It wasn’t that long ago that pubcaster Czech TV caused consternation by showing little interest in airing “Citizen Havel,” a documentary about Vaclav Havel, the dissident who became president of the Czech Republic.

With nearly 3,000 employees and roots dating to the Cold War as the state’s primary agitprop tool, Czech TV has been slow to change since 1989’s Velvet Revolution, say many industryites.

The 2005 spat over “Citizen Havel” was in many ways typical of the lumbering institution’s past.

Fast-forward five years and things are very different.

Alena Mullerova, head of longterm program strategy and development for Czech TV, is opening up the pubcaster — which runs terrestrial webs CTV and CT2, and digital channels CT24 (news), CT4 (sports) and CT HD — to more challenging, engaging and relevant local documentaries and non-fiction series.

Czech TV is also creating a program development department.

“Documentaries are the priority,” Mullerova says, along with educational programming.

The pubcaster, in concert with the Czech Cinematography Fund, is one of the primary sources of support for most Czech films, and has enormous influence over what gets produced. Czech TV provides backing more in the form of expensive technical support — crews, gear and editing facilities, plus promotions and broadcasts — than in cash.

However, there are other funding sources. The Ministry of Culture hands out nearly $14 million a year to filmmakers plus a further $9.2 million annually through 2011, thanks to new coin from digital TV licenses.

This money has contributed to the bumper crop of new Czech films, running at 35 to 40 a year.

It also means that the pubcaster doesn’t have to ante up co-production support and can cherrypick the docus it wants to buy.

Because of this, Czech TV now boasts a docu and public affairs portfolio with an increasing number of creative and provocative projects that have more international appeal.

They include: “Eye Over Prague,” about architect Jan Kaplicky’s controversial plan for an ultra-modern building to house the National Library, axed by the government in 2008; Filip Remunda and Vit Klusak’s “Czech Peace,” a comical look at the geopolitics of the proposed U.S. anti-missile radar base in the Czech Republic; and “Forgotten Transports,” a series of four feature-length Holocaust docus about Jews deported to virtually unknown camps.

But some of the most promising local docus, and those winning fest berths and distribution interest abroad, aren’t necessarily backed by Czech TV, at least at first.

Lukas Pribyl, who spent 10 years combing archives and finding witnesses and survivors for “Forgotten Transports,” says it’s understandable that the station would hesitate to co-produce such a vast project by a first-time filmmaker.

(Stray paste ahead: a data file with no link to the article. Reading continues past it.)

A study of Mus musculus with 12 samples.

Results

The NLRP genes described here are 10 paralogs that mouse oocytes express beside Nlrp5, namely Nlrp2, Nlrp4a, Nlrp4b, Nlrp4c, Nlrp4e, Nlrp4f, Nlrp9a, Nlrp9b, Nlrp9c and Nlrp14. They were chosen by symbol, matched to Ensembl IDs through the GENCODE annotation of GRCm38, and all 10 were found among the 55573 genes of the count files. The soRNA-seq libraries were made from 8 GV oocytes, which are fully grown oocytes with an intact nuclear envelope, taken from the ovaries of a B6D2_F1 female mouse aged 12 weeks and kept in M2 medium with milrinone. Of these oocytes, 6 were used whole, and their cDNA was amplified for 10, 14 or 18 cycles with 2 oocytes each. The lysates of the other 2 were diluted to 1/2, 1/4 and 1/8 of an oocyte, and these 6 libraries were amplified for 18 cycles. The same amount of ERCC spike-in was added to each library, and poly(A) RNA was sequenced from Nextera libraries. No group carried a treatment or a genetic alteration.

“In the beginning, my vision was all I had,” he confesses.

However, after the docu won over foreign fest auds, Czech TV bought rights to his series and is running it in primetime. “It’s a huge institution and they want a safe bet,” he says.

On the plus side, producer Eliska Kaplicky Fuchsova says Czech TV was the only station willing to co-produce her “Eye Over Prague,” after commercial broadcasters shied away because of the political controversy over the library project.

“Program director Katerina Fricova is really a very brave lady who backed us in the moment when all the political representatives, including then president Vaclav Klaus, were against the architecture project,” says Kaplicky Fuchsova.

At the same, time, the pubcaster could do more, she adds.

“Czech TV is a big player, and it should be co-producing the films and representing them abroad,” she says, although her docu has attracted attention from U.K. buyers. “Czech TV is receiving only the benefits of the films and not (taking) the risk.”

Klusak and Remunda won Michael Moore’s admiration with their “Czech Dream,” a send-up of consumer-mad Prague shoppers. Their “Czech Peace” was co-produced by Czech TV. Now they are scouting other docus for the pubcaster via their Hypermarket Film production company.

Zuzana Drazilova, meanwhile, says Czech TV stepped up early to back her seven-part look at daughters of Czech Cold War political prisoners, “Children of Stalinism,” which has since won kudos at the WorldFest independent film festival in Houston, Texas, and a berth at New York’s Indie Film and Video fest.

But she’s been frustrated by the broadcast timeslots assigned to the show: non-primetime on weeknights in the fall.

“I’m not saying foreigners shouldn’t see it,” Drazilova says of her project. “But Czech people are first in line because they should see it.”

Jana Svehlova, a colleague of Drazilova’s whose mother was a political prisoner, believes that Czech TV’s evolution is like that of the country’s society at large; it has to admit past mistakes and move on.

The real enemy, she says, is “indifference and forgetting.”